Unicom is a powerful organization overseeing most of the world after its economic collapse. They have banned computers and robots in an attempt to insure "life, liberty, and the pursuit of ... See full summary »
Michael Silva <firstname.lastname@example.org>
The two hookers were also drug users in an earlier draft of the script. However, Charles Band requested that this aspect of the screenplay be toned down because he thought the hookers as initially conceived were too vulgar and over the top. See more »
Reflected in the window behind Quinn when Winston is looking for Arren in the dark. See more »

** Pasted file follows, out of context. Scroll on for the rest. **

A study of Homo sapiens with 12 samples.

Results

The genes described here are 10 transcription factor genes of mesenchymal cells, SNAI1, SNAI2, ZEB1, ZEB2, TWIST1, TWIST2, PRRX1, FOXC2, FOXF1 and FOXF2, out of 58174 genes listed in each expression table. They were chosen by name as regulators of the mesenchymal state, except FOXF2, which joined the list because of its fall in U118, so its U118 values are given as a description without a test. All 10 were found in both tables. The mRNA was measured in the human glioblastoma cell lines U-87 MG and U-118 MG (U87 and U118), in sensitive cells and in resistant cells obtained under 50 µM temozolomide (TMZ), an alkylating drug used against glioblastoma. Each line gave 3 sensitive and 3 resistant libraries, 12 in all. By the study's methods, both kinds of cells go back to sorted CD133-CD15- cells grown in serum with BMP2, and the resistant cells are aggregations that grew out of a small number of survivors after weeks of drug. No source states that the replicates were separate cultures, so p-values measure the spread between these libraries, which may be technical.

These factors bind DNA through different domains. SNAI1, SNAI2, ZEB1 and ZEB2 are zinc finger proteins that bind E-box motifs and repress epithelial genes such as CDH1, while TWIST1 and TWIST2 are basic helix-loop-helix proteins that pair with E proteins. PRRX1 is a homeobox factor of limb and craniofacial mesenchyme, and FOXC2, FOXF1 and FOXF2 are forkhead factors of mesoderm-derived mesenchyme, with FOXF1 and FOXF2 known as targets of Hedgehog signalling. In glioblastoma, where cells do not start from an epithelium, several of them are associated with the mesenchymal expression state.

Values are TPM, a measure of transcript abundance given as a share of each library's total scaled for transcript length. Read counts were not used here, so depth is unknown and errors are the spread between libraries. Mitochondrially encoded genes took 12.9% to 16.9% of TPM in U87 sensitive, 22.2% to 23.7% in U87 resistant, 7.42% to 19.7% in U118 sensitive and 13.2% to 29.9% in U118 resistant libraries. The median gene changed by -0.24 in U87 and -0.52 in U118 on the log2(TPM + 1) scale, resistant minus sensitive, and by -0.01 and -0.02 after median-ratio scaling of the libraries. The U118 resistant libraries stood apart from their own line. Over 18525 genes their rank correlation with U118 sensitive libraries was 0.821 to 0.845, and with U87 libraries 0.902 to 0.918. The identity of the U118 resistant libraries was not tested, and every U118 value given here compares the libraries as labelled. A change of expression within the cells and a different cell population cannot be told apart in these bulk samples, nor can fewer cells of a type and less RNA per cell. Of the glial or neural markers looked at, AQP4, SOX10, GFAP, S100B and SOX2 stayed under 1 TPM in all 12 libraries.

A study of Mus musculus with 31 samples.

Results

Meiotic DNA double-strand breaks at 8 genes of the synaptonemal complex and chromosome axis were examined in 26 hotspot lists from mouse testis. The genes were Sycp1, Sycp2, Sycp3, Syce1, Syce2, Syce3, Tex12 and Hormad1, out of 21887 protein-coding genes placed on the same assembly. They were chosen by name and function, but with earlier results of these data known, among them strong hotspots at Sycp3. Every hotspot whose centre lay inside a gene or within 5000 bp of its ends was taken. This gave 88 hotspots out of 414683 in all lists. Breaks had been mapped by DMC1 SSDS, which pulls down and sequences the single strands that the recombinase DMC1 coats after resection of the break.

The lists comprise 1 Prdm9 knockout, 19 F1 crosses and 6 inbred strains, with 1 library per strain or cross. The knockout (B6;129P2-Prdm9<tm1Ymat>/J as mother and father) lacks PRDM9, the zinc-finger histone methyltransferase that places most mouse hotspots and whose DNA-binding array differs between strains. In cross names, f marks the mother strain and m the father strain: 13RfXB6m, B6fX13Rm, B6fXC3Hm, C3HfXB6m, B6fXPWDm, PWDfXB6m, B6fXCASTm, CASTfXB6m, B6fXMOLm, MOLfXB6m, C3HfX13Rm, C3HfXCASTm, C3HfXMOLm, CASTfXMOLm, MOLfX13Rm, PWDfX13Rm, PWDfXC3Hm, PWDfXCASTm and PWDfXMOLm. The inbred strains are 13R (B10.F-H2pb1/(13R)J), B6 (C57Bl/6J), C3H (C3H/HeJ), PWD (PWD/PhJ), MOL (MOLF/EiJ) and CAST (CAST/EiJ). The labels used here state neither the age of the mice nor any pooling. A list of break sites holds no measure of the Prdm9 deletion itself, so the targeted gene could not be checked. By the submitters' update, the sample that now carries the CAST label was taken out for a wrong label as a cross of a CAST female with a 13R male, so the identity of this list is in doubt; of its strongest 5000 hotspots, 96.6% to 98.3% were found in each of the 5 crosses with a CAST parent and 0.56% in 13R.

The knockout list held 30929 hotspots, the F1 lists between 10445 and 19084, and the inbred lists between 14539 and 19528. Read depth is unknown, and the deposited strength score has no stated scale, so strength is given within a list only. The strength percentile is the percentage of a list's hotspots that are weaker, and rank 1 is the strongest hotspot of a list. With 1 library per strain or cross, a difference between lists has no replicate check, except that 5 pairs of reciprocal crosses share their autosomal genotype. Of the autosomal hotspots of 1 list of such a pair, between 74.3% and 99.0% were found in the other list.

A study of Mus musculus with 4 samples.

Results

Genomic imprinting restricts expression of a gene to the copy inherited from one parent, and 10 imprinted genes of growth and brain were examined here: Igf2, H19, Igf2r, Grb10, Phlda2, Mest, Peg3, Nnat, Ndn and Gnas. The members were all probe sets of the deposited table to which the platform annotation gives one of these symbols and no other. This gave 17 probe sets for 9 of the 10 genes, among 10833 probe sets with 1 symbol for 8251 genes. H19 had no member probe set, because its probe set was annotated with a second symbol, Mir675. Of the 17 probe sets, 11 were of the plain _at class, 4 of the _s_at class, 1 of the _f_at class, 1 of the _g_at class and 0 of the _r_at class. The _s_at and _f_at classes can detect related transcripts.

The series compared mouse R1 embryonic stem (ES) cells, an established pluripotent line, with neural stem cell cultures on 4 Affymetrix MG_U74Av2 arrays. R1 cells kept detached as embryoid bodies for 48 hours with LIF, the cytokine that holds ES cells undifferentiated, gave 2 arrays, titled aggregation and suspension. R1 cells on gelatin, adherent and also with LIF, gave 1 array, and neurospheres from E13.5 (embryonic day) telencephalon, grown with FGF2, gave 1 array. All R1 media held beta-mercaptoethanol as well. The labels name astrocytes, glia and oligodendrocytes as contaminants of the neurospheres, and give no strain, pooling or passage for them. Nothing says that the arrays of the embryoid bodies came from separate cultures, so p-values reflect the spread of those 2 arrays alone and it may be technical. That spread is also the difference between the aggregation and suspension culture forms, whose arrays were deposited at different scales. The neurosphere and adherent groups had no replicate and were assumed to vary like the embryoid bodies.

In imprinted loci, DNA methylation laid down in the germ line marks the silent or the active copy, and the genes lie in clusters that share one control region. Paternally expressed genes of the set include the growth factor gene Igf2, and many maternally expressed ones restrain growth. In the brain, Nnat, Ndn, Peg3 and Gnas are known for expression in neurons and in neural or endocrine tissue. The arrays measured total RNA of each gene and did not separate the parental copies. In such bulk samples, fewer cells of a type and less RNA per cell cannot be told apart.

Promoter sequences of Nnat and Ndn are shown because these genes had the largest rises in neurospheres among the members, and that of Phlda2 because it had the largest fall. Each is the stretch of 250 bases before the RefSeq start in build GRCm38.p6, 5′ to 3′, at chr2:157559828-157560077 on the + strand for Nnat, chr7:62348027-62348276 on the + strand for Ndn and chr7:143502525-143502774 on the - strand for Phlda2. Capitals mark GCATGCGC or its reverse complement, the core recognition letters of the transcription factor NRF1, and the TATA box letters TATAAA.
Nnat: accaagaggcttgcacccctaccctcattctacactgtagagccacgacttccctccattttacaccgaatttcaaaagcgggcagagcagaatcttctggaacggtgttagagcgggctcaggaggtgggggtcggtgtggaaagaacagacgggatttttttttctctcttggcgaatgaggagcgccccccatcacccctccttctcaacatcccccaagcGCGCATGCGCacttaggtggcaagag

At least it doesn't live up to its title, which is a good thing. Crash and burnnnnnn. On the other hand it might have been more exciting if it did. I don't know, but I remember liking this straight-to-video b-grade action / Sci-fi fare by Charles Band when I saw it for the first time many moons ago, but upon my recent re-watch I was left slightly under whelmed. Boy did it take awhile for something remotely riveting to occur. My excitement early on arose from catching a glimpse of a movie poster of "The Angry Red Planet" on the wall. Not once, but twice. Outside a pouting Megan Ward and Jack McGee (in a truly offensive mood), everyone else acts robotic. Is this to throw us off ? I don't think so. Bill Moseley is the life of the party as what starts off as uncharacteristic (in a slumber mood) later on has you thinking now I'm watching Moseley perform. Paul Ganus is your typical handsome, but stoic lead who catches the eyes of the ladies (young and old). He doesn't do much at first, other than look serious. All in a good days work. Actually I guess sex was on mind. Nothing else. Nothing more. As after getting that out of the way (about mid-way through the movie), while lying in bed (for about 10 seconds) his character was thinking straight (well its either that or he's considerably slow off the blocks) and it came to him that something wasn't quite right (during a "heart-pounding" test set-up to find out if everyone trapped in this remote TV station was who they said they were). Now that he knows who the evil corporate Sythnoid robot in disguise is. Although we the audience (and Ward) have already figured that out long ago. It's time to be a hero. Jump out of bed, break the emergency glass and grab the shotgun. Then get pummelled and shot. Talk about an effective hero. However this is when things do liven up. Nasty jolts, stupid one-liners, robots going haywire and Ward making everyone around her look like dummies. "Hey, kiss this!". Director Charles Band does an economical job with J.S Cardone's material and recycles Richard Band's music talents. Visually is works cementing a futuristic wasteland, as the setting is taut and the paranoid unease is felt. In the dying stages you can see where most of the money went to and the effects of the battery powered tinbot put those recent CGI drenched transformers films to shame. Mildly amusing low-rent Full Moon fodder.